Titanic launch ticket stub 'could fetch up to £10,000'
A ticket stub from the VIP enclosure of the launch of the Titanic is to be sold at auction later this month.
The ticket stub belonged to Harland & Wolff secretary Charlotte Irwin.
Miss Irwin was just 20 and worked in the drafting office at the Belfast firm's shipyard when Titanic was being built.
And when the ocean liner was launched on May 31 1911, Miss Irwin was in an executive box set aside for specially invited White Star Line and Harland & Wolff staff - giving her a great view of the Titanic sliding down the ways into the water.
Miss Irwin kept the ticket, No 116, as a souvenir of a memorable day.
It read "TITANIC Launch," below which it states: "To be retained for admission to Stand."
The stub is flanked with fleur-de-lys. The reverse of the stub contains shorthand manuscript notes with details of the disaster.
The Pitman script reads: "Launched 31st May 1911. Left Belfast 2nd April 1912. Sailed on her maiden voyage 10th April 1912. Struck an iceberg at 11.45 on 14th April 1912 Sank with the loss of over 1,000 lives at 2.20am 15th April 1912."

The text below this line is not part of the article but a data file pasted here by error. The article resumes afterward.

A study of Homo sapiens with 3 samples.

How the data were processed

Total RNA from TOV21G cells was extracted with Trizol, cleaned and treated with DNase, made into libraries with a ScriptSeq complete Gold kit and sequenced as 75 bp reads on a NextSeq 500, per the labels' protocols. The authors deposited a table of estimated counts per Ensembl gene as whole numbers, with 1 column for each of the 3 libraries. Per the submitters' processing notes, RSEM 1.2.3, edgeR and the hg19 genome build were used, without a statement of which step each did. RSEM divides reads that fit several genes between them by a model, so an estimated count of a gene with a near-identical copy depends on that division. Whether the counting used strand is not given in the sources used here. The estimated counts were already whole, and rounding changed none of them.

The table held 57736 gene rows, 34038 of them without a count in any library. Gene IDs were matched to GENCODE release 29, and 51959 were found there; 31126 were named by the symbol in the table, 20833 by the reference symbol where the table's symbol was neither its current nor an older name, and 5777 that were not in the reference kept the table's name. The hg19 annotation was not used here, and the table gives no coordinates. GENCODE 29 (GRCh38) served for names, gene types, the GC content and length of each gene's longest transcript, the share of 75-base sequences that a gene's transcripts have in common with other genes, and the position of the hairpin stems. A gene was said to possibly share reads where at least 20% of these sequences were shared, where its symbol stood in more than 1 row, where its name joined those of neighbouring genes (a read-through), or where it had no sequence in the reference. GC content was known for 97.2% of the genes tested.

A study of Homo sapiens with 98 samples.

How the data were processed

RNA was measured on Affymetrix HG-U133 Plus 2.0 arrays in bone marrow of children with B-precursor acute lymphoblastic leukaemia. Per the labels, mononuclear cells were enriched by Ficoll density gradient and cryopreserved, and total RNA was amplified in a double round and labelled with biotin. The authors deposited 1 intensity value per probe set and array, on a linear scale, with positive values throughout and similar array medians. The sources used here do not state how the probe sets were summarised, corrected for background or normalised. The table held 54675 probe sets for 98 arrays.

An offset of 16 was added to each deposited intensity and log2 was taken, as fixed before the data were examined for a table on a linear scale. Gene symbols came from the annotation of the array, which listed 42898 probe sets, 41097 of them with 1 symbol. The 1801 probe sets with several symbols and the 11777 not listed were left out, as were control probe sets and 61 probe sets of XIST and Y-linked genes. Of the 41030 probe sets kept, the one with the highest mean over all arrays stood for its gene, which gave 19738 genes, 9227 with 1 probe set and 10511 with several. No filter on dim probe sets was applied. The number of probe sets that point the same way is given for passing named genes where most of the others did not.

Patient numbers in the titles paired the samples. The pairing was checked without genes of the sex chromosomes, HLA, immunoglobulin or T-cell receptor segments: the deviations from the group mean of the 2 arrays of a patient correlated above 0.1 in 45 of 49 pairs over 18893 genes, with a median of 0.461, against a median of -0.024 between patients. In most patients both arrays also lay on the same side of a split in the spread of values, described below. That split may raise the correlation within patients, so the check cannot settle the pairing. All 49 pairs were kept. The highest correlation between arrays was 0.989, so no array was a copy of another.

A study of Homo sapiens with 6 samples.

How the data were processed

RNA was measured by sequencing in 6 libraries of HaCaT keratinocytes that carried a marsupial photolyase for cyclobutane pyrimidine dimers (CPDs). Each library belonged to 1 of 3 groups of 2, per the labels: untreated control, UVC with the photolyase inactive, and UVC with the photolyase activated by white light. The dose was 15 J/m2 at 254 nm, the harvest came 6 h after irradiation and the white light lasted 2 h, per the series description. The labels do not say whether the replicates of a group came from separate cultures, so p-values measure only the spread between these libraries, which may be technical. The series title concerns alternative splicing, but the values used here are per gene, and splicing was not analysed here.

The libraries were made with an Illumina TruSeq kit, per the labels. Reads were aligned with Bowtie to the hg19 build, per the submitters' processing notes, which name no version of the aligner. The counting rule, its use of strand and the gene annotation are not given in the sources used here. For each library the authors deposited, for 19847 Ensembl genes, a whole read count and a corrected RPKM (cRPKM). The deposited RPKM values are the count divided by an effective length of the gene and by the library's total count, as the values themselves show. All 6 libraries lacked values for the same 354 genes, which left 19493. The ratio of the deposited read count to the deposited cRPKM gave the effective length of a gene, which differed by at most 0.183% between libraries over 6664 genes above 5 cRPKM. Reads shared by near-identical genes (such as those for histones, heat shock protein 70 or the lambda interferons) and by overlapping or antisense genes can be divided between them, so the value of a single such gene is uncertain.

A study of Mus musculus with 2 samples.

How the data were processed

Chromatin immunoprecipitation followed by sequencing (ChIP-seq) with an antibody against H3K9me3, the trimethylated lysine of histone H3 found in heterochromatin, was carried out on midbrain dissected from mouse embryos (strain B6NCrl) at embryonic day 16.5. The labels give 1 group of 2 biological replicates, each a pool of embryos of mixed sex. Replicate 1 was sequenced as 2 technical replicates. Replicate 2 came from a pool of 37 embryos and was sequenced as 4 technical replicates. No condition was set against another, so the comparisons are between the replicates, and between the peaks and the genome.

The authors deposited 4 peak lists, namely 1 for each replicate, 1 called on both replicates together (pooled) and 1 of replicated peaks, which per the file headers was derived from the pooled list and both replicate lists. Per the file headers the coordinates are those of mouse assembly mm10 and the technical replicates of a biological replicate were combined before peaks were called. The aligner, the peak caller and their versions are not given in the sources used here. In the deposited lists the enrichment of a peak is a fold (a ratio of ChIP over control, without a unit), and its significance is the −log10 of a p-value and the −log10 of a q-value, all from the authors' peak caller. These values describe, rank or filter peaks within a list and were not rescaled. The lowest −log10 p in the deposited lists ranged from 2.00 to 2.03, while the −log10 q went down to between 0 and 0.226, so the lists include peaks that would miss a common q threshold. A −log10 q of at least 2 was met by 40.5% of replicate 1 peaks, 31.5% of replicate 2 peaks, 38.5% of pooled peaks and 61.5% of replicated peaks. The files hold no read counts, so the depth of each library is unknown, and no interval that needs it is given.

The ticket stub is estimated to fetch between £6,000 and £10,000 when it goes under the hammer at Henry Aldridge & Son in Devizes, Wiltshire, on April 23.
Auctioneer Andrew Aldridge said: "Memorabilia relating to the launch is very unusual but it's exceptionally rare to offer a ticket stub that can be directly traced to the individual who attended the launch."
Also being sold is an original period photograph of the Harland & Wolff drawing office where Titanic was designed.
Mr Aldridge said: "The most important parts of the photo is the fact that the famous builder's half-model of Olympic/Titanic is in attendance in the background.
"This is very probably the one that was subsequently used in the British Titanic inquiry. The importance of this image really cannot be understated."
On the reverse of the photograph, is handwritten "Dec. 1909". Titanic's keel had been laid the previous March so at the time this photograph was taken, construction of both ships was under way, as the model in the background suggests.
"The sepia-toned photograph is quite simply one of the finest Belfast Titanic-related images we have ever offered for auction," Mr Aldridge added.
It is estimated to sell for between £6,000 and £10,000.